Mardi Gras has never really been my cup of tea, maybe because it was never celebrated in my family. Throughout my childhood, I caught one or two parades being broadcast on TV from New Orleans, but that was the extent of my observation. Sure, I would go to the dollar store sometimes and buy a pack of clinky, gaudy coloured bead necklaces so that, when I went to class and saw my fellow university students hyping themselves up for the night's activities, I could at least pretend like I too was ready to bar hop, dance, and drink myself into the weekend.
One aspect of Mardi Gras that I do celebrate, however, is the gras aspect. Like many people, I associate Mardi Gras with pancakes, or more loosely, breakfast for dinner. In my living here so far, I've found a few brunch and all-day-breakfast places in Toronto that I enjoy, but nothing quite beats a homemade stack of buttermilk pancakes. I’ve been hoarding this recipe from Cafe Delites as my go-to whenever I find myself craving a heartier breakfast on a weekend morning:
- 2 cups all-purpose (or plain) flour
- ½ cup granulated sugar
- 2 tsp baking powder
- 1 tsp baking soda
- ½ tsp salt
- 1 ½ cups buttermilk (plus ¼ cup more, as needed)
- ⅓ cup unsalted butter (melted)
- 2 tsp vanilla extract
- 2 eggs (large)
1. Combine together the flour, sugar, baking powder, baking soda and salt in a large-sized bowl. Make a well in the centre and add the buttermilk, slightly cooled melted butter, vanilla and eggs.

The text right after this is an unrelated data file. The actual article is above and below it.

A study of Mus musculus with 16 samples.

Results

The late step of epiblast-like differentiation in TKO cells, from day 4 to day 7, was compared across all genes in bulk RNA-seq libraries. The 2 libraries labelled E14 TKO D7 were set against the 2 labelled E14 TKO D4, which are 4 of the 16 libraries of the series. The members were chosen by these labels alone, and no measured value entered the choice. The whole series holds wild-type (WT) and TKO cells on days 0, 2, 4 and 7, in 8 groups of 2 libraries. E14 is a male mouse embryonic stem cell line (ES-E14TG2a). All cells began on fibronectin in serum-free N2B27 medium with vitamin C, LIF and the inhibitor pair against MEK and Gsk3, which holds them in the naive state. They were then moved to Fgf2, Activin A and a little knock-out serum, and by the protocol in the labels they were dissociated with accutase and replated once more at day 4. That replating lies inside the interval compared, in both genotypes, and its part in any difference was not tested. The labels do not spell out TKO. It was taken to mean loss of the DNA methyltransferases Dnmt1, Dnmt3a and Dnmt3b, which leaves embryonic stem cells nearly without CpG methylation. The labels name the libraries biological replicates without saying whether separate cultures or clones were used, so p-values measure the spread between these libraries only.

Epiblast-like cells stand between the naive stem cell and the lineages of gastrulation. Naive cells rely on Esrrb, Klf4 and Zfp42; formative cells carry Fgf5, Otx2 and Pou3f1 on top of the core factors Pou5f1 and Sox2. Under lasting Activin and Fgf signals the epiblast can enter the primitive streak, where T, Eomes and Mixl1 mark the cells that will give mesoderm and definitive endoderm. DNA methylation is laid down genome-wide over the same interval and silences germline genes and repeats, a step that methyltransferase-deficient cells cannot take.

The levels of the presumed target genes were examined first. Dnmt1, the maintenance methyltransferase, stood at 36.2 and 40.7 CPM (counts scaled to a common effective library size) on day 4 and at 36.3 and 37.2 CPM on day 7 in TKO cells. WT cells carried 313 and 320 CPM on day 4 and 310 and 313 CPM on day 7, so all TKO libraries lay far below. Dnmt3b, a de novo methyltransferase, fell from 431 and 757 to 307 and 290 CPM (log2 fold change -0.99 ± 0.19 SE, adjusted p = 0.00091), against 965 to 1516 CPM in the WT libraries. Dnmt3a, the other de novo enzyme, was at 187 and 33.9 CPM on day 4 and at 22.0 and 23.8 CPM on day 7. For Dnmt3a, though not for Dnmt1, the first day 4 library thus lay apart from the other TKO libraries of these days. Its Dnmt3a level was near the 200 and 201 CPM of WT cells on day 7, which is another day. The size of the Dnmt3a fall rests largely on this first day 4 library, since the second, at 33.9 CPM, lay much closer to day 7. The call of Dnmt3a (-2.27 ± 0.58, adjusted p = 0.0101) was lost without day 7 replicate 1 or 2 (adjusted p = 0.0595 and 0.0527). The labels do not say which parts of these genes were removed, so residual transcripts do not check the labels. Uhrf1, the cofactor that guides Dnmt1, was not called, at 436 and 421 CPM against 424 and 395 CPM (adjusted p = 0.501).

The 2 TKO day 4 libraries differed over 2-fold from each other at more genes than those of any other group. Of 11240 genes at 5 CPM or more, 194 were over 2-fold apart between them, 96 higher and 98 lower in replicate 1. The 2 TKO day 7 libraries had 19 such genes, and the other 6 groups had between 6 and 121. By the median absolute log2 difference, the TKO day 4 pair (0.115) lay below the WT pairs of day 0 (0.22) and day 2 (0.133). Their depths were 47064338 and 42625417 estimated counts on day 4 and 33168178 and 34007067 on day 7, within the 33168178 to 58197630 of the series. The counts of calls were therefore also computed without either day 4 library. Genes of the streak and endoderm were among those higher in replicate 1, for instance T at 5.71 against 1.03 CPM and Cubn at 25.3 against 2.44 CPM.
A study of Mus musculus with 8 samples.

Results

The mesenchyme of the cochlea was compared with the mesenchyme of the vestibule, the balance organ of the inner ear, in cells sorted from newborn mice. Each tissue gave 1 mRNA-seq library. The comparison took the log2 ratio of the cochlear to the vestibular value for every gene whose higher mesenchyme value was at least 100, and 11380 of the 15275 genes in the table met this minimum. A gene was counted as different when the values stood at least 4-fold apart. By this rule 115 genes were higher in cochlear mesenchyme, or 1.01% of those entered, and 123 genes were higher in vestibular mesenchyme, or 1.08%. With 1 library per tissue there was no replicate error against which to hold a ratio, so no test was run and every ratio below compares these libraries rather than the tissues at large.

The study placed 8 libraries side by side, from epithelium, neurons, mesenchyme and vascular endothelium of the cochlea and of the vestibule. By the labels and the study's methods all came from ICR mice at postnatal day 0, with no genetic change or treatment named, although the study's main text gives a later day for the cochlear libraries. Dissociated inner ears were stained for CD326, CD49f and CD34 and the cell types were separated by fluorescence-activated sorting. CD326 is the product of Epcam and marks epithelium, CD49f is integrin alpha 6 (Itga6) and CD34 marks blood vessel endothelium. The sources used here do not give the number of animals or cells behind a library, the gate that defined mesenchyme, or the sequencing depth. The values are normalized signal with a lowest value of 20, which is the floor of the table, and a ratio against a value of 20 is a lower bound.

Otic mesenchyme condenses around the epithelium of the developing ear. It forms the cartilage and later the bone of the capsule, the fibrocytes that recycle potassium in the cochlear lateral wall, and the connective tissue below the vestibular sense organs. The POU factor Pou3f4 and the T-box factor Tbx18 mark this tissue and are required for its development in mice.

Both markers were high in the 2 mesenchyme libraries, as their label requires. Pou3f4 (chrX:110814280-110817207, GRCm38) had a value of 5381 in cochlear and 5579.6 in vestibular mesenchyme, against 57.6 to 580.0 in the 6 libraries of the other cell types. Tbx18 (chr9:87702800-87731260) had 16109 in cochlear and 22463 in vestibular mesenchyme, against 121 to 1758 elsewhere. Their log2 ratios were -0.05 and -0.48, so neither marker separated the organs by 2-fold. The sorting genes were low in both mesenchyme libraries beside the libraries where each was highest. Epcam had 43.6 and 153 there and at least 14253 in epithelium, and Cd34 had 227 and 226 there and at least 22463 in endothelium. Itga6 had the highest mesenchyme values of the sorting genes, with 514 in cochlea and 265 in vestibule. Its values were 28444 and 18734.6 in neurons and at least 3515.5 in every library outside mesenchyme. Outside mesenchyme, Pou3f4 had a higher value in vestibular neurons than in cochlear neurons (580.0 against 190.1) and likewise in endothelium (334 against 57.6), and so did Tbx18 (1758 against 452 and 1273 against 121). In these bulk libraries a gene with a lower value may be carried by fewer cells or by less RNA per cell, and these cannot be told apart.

2. Use a wire whisk to whisk the wet ingredients together first before slowly folding them into the dry ingredients. Mix together until smooth (there may be a couple of lumps but that's okay)
(The batter will be thick and creamy in consistency. If you find the batter too thick -- doesn't pour off the ladle or out of the measuring cup smoothly -- fold a couple tablespoons of extra milk into the batter at a time until reaching desired consistency).
3. Set the batter aside for a good 10 minutes to let rest and settle the ingredients into each other while heating up your pan or griddle.
4. Heat a nonstick pan or griddle over low-medium heat and wipe over with a little butter to lightly grease pan. Pour 1/3 cup of batter onto the pan and spread out gently into a round shape with the back of your ladle or measuring cup.
5. When the underside is golden and bubbles begin to appear on the surface, flip with a spatula and cook until golden. Repeat with remaining batter.
If you’re like me and prefer to use honey over sugar, I’ve substituted it for this recipe before, and as long as you add about ⅛ cup more flour to the recipe, it’ll still retain a nice consistency. Use the consistency that you find right for you, though. And feel free to add chocolate chips or blueberries on top if you’re feeling adventurous!
Anyway, enjoy your Mardi Gras, if you celebrate it, and if you don't, consider breakfast for dinner this evening when you're on your way home from work! It'll be like you're celebrating without even trying!